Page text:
The government’s Cabinet note on the proposed cryptocurrency bill suggests regulating private cryptocurrency rather than outright banning it.
The government’s Cabinet note on the proposed cryptocurrency bill suggests regulating private cryptocurrency rather than outright banning it. Cryptocurrencies will not be recognised as legal tender in India, according to the memo. According to the letter, the legislation also refers to cryptocurrency as a cryptoasset.
Existing crypto exchange platforms will deal with cryptoassets, which will be regulated by the Securities and Exchange Board of India (SEBI). Those with cryptoassets will have a deadline to declare them and bring them under the control of crypto exchange platforms, which will be controlled by the market regulator.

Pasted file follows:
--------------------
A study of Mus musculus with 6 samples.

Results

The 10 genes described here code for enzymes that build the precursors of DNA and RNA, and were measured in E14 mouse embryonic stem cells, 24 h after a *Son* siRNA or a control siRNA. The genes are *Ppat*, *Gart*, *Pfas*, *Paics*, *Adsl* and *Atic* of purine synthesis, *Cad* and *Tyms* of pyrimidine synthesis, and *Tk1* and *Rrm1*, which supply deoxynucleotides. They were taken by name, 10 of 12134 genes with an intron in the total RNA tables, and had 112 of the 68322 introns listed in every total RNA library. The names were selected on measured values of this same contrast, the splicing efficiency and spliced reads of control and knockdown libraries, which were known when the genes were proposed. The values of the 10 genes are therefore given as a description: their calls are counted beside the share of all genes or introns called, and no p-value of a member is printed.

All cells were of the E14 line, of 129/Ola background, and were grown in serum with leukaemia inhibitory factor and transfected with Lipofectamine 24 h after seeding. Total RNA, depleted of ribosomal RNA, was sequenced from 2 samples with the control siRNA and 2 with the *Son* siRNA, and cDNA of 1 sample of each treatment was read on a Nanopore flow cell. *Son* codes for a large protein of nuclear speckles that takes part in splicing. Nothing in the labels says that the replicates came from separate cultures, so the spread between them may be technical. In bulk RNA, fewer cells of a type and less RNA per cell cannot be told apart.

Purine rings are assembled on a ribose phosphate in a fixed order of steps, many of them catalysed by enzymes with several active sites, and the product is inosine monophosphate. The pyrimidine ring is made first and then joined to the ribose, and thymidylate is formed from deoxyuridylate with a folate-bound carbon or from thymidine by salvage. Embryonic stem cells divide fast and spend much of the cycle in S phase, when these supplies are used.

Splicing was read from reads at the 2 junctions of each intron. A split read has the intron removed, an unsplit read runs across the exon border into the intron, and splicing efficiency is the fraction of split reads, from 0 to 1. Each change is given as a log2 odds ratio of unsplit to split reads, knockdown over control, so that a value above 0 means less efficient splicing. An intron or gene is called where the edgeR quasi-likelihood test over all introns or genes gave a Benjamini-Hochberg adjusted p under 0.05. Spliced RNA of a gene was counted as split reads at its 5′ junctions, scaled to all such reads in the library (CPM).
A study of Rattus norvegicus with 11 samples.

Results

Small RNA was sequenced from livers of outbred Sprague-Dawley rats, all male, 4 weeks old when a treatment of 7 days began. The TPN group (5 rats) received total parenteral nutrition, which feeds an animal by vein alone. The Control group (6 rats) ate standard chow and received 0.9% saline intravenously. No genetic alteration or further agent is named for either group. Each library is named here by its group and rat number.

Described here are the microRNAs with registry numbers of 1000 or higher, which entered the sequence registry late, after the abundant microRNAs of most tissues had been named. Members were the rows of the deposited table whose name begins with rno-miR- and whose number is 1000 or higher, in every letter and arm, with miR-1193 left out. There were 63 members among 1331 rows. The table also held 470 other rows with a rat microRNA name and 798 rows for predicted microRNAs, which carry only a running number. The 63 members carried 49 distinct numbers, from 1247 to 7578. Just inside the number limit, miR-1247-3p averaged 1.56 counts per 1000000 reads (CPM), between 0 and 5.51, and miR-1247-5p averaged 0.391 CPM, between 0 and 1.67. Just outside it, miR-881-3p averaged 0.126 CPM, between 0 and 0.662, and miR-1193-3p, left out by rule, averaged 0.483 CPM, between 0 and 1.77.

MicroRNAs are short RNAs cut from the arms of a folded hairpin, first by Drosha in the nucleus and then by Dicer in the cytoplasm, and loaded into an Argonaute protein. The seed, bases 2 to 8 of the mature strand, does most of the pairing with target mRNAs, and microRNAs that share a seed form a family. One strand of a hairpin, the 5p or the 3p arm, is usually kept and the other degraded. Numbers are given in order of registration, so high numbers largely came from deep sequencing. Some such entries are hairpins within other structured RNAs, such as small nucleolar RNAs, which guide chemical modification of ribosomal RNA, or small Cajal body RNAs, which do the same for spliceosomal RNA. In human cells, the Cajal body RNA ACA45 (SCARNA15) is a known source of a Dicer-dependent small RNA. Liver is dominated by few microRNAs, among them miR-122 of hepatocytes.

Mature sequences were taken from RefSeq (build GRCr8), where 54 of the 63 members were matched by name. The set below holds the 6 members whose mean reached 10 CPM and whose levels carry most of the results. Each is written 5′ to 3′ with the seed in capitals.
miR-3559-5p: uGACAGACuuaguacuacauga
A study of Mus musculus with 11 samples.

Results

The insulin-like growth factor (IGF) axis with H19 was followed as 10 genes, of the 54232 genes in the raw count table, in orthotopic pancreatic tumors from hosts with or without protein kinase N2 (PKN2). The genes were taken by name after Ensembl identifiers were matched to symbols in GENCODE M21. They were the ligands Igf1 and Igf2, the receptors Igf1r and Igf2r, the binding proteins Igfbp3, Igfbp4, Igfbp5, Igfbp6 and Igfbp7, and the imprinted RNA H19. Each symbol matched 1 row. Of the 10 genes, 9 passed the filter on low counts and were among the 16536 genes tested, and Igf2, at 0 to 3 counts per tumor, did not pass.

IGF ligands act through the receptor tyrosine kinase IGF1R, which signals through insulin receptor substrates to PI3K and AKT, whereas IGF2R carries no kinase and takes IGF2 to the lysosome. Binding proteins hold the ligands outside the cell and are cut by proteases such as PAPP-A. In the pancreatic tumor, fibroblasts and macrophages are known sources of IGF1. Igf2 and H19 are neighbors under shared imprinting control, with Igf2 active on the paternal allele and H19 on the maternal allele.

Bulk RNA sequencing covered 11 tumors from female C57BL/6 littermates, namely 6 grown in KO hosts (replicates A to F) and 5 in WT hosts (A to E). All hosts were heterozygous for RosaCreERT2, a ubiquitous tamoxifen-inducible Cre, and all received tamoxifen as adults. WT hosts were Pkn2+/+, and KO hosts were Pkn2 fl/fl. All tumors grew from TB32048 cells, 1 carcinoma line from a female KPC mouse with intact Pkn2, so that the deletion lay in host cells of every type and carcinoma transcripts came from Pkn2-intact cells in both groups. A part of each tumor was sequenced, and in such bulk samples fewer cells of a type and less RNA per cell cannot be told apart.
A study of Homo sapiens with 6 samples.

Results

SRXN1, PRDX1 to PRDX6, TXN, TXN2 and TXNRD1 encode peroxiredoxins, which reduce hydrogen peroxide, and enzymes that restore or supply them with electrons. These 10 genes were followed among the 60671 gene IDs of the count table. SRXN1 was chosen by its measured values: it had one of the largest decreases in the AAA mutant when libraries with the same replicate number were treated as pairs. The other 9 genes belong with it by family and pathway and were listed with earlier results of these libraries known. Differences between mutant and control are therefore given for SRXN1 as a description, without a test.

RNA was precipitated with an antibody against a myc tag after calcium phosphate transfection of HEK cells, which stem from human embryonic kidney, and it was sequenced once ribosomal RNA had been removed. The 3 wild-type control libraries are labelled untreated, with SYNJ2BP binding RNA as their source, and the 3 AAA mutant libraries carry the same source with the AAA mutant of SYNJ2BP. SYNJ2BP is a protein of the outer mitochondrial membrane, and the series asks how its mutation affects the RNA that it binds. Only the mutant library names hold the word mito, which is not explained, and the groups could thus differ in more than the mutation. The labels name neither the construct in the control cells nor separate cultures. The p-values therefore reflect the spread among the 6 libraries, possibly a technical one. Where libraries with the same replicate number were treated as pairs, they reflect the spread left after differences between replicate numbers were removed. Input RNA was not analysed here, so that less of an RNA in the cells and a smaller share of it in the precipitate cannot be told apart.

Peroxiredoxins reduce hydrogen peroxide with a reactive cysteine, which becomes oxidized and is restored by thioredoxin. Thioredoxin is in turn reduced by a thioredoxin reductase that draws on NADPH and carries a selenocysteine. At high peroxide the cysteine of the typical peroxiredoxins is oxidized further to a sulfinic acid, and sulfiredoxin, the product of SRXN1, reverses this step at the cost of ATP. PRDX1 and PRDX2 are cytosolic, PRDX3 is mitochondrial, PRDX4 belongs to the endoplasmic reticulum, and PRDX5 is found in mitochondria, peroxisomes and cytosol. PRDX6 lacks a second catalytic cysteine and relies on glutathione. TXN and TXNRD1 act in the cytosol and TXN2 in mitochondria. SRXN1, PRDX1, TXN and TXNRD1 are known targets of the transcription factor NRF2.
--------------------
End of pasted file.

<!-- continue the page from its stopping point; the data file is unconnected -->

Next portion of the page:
The Reserve Bank of India’s (RBI) proposed virtual money has not been included in the new crypto law. The central bank, on the other hand, will regulate cryptocurrency issues.
Those caught in violation of the exchange provisions face a maximum sentence of one and a half years in prison. The regulator may impose fines ranging from 5 crore to 20 crore.
The provisions of the Prevention of Money Laundering Act (PMLA) would apply with appropriate revisions as a deterrent to anybody detected utilising these assets for terror-related activities.
Finance Minister Nirmala Sitharaman warned earlier this week that the possibility of cryptocurrencies falling into the wrong hands is being watched. The minister also indicated that no decision has been made to prohibit the advertising of digital currencies.
Ms. Sitharaman went on to say that the government has no plans to recognise Bitcoin as a currency in the country, and that it does not collect statistics on Bitcoin transactions.
The government claimed it has received a request from the Reserve Bank of India to include digital currency in the definition of a “bank note.”